Since being unceremoniously undermined by President Obama, Gov. David A. Paterson has sprung to life.
He talks of a "mission" to run next year; rebukes lawmakers, unions and others who make his job harder; and makes nonstop appearances designed to undo talk of a dead-in-the-water politician.
Could the White House strategy to keep Paterson from running be backfiring?
Might New York's Democrats -- no slouches when it comes to geographic pride -- be upset with Chicago politicians telling them what to do?
"He's toast," one Democratic state senator said Friday, when asked if Paterson might be able to turn Obama's handiwork into an advantage.
"This was really personal, and it was real hardball," a party strategist said of Obama's strike against Paterson.
In the aftermath, Democrats -- reputed masters of internecine warfare -- posture publicly.
This week, Assembly Speaker Sheldon Silver spoke of supporting the governor's election plans "right now."
State Sen. John L. Sampson of Brooklyn, leader of the chamber's Democratic Conference, demurred, saying, "We're behind him 150 percent until otherwise known."
But privately, many influential Democrats talk of the governor's political future in the past tense.
While many of the more than dozen senior Democrats interviewed said they feel sorry for a governor so publicly distanced by the White House, all said they believe Paterson will not be able to survive and run next year.
Friday, the governor again said he is running next year and vowed to keep serving "until the public tells me to stop."
His trusted allies say a stubbornness has overtaken him since his dismissal by the White House.
Though offers of help from some Democrats are coming in, Paterson has declined a support rally for fear of furthering the split with Obama.
Others talk of a "sympathy strategy" to win back voters.
"He's kind of enjoying the attention," noted one Democrat in Albany.
Richard Fife, the governor's new campaign manager, spoke of a new opportunity for Paterson.
"One of the effects of this is that people are taking a second look at the governor. To the extent when they look at the governor and see him dealing with the fiscal problems we have, creating jobs and fighting for New Yorkers for our benefit, our ability to use this new spotlight successfully will help the campaign," he said.
Fundraisers are being scheduled, Fife added.
"We're doing well," he said.
>Guest on 'Meet the Press'
Paterson is scheduled to appear Sunday on NBC's "Meet the Press" to discuss the "state of the economy, challenges facing governors nationwide and what true economic recovery will entail," according to his office. Presumably, his relationship with Obama will prompt a question or two.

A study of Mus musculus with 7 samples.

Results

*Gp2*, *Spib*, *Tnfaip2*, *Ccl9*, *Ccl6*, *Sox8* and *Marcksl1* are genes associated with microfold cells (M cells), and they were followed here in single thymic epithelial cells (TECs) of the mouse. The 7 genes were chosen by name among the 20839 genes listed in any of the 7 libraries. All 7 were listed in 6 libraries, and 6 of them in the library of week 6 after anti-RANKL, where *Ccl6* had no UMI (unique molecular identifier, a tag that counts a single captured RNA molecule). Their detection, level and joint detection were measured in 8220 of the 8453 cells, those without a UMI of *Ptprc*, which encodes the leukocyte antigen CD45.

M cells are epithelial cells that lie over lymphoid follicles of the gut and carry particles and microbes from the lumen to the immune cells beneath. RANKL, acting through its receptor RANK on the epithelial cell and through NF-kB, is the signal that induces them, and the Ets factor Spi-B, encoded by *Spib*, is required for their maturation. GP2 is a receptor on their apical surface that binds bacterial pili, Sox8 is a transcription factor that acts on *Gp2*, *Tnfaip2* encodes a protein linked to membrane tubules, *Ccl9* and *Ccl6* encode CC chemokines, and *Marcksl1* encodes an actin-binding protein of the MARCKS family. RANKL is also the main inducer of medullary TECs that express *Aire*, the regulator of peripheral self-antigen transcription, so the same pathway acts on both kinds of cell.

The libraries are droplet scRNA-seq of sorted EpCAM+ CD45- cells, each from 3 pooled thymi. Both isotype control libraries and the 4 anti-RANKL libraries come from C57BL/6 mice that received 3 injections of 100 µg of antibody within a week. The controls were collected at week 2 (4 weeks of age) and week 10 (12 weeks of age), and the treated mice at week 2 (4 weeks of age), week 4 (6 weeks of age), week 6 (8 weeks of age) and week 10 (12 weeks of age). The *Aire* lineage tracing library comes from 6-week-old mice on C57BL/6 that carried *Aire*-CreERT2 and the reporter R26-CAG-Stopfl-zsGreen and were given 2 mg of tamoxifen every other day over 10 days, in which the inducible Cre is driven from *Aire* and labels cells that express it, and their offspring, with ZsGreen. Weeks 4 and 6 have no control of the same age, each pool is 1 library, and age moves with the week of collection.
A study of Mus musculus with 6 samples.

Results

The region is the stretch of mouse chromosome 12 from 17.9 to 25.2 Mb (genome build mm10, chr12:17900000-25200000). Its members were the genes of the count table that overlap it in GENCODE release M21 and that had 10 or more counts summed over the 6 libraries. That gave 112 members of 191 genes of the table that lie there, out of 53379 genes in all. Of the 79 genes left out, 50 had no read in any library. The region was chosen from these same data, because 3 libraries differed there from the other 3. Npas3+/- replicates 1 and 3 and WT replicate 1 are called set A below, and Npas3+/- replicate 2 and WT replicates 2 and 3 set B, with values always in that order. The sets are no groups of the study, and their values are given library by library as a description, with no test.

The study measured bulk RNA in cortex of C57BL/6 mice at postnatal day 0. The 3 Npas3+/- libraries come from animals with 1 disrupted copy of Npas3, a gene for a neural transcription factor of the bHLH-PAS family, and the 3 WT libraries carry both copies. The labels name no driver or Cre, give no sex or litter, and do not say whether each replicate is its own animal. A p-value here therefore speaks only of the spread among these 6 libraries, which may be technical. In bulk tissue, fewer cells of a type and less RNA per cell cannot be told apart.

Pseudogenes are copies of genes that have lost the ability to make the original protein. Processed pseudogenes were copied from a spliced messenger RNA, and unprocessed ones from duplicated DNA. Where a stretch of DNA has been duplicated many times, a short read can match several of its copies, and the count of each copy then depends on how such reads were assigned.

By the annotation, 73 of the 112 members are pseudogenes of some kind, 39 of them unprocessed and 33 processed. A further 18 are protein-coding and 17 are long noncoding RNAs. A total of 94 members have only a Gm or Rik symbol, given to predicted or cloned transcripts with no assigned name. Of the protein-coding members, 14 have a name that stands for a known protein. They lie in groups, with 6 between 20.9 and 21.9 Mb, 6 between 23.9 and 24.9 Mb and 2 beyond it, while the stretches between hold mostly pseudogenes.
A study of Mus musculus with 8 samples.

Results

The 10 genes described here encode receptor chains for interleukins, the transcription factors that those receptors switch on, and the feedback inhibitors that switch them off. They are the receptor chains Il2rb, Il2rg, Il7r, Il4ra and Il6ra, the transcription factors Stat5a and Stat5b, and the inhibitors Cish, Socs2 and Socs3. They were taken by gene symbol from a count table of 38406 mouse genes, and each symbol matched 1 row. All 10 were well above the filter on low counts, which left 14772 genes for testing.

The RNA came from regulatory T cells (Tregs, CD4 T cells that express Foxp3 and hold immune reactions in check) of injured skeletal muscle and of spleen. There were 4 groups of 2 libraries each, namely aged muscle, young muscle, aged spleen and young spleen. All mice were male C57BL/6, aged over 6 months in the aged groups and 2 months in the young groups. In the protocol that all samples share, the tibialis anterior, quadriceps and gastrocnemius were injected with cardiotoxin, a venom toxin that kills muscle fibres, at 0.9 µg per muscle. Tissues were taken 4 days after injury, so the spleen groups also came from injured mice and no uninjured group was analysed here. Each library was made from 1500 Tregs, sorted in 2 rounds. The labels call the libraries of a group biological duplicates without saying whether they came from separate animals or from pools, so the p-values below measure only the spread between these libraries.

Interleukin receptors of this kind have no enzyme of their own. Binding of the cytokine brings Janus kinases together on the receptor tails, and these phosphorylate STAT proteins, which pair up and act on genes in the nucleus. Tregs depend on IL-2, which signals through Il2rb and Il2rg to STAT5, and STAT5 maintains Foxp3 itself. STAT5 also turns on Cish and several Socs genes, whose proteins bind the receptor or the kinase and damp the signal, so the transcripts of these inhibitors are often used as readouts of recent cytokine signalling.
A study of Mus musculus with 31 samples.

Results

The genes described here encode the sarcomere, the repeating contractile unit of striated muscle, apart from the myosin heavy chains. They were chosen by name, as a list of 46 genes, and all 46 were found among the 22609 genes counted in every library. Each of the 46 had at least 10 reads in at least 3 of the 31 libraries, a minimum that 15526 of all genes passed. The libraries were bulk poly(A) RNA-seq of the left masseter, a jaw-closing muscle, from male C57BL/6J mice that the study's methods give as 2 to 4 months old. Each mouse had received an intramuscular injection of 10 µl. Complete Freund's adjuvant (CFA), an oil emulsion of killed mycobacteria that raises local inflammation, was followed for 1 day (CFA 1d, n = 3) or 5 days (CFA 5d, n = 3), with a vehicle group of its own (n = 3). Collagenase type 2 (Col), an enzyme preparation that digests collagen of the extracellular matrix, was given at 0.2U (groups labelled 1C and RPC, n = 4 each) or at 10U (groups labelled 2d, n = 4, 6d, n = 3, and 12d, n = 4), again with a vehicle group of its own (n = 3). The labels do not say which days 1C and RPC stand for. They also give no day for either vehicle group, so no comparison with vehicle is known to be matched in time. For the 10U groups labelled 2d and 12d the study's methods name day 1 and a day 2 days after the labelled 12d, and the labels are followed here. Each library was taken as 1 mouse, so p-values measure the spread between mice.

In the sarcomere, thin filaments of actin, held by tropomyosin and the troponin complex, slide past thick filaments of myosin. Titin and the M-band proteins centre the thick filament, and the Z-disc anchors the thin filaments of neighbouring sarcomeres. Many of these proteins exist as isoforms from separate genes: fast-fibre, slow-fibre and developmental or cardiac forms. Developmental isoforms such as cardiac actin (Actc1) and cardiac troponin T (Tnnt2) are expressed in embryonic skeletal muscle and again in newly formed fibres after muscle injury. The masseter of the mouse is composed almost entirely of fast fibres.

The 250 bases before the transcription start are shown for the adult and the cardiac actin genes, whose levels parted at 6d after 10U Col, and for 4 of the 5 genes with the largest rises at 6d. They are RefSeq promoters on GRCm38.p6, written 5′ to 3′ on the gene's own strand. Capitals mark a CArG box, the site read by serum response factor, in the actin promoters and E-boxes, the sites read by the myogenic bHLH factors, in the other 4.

Democrats who still support the governor say they can't come out right now and jump to his defense.
"Everyone is too nervous," said a Democrat, who like most interviewed, would speak only on condition that his name not be used.
But few want to come to his defense.
"This was another great big shovel on the pile. He's got to get out," a Democratic senator said.
Many party insiders did not return calls seeking comment -- from Sen. Charles E. Schumer to Leonard R. Lenihan, chairman of the Erie County Democratic Party.
Others wanted no part of the controversy.
"My focus is and remains Buffalo and Western New York. That's a discussion between the president and the governor. I'm not a party to it, said Rep. Brian Higgins of Buffalo.
Who would want to alienate the White House?
Democrats also said they do not want to risk alienating State Attorney General Andrew M. Cuomo, in case he does run for governor and wins.
Paterson also has no real constituency. He rode into office as his lieutenant governor on the shoulders of Eliot L. Spitzer. With the fiscal crisis that has consumed his administration since he assumed office in March 2008 on the heels of the Spitzer scandal, he has had little time to build beyond his political base in his old State Senate district in Harlem.
>'Dirty work' draws cheers
Democrats view him as a liability, and many facing voters next year don't want to share the ticket with him.
"I was glad [the White House] did it," a senior Democrat said.
"They did our dirty work for us," a leading party strategist added.
Democrats already were searching for ways to push Paterson out next year as a candidate.
Cuomo has been hesitant to take Paterson on, having made a bad impression with blacks in 2002 with his primary challenge against H. Carl McCall, who was trying to become the state's first African-American governor.
But for several personal and policy reasons, the governor also has distanced himself from many black lawmakers in the State Senate.
Now, Obama has provided cover for a challenge by Cuomo.
But most party insiders say they do not believe it will come to that. And despite the governor's vows this week to run, they say he will see the obvious problems, including the record low17 percent approval rating in this week's Marist College poll.
The only question, they say, is when he pulls the plug, and his pledges to stay in the race draw skepticism.
"I think anything is possible in politics," said James Campbell, a political scientist at the University at Buffalo. "But with approval ratings hovering around 20 percent, or even below, it would be extraordinary."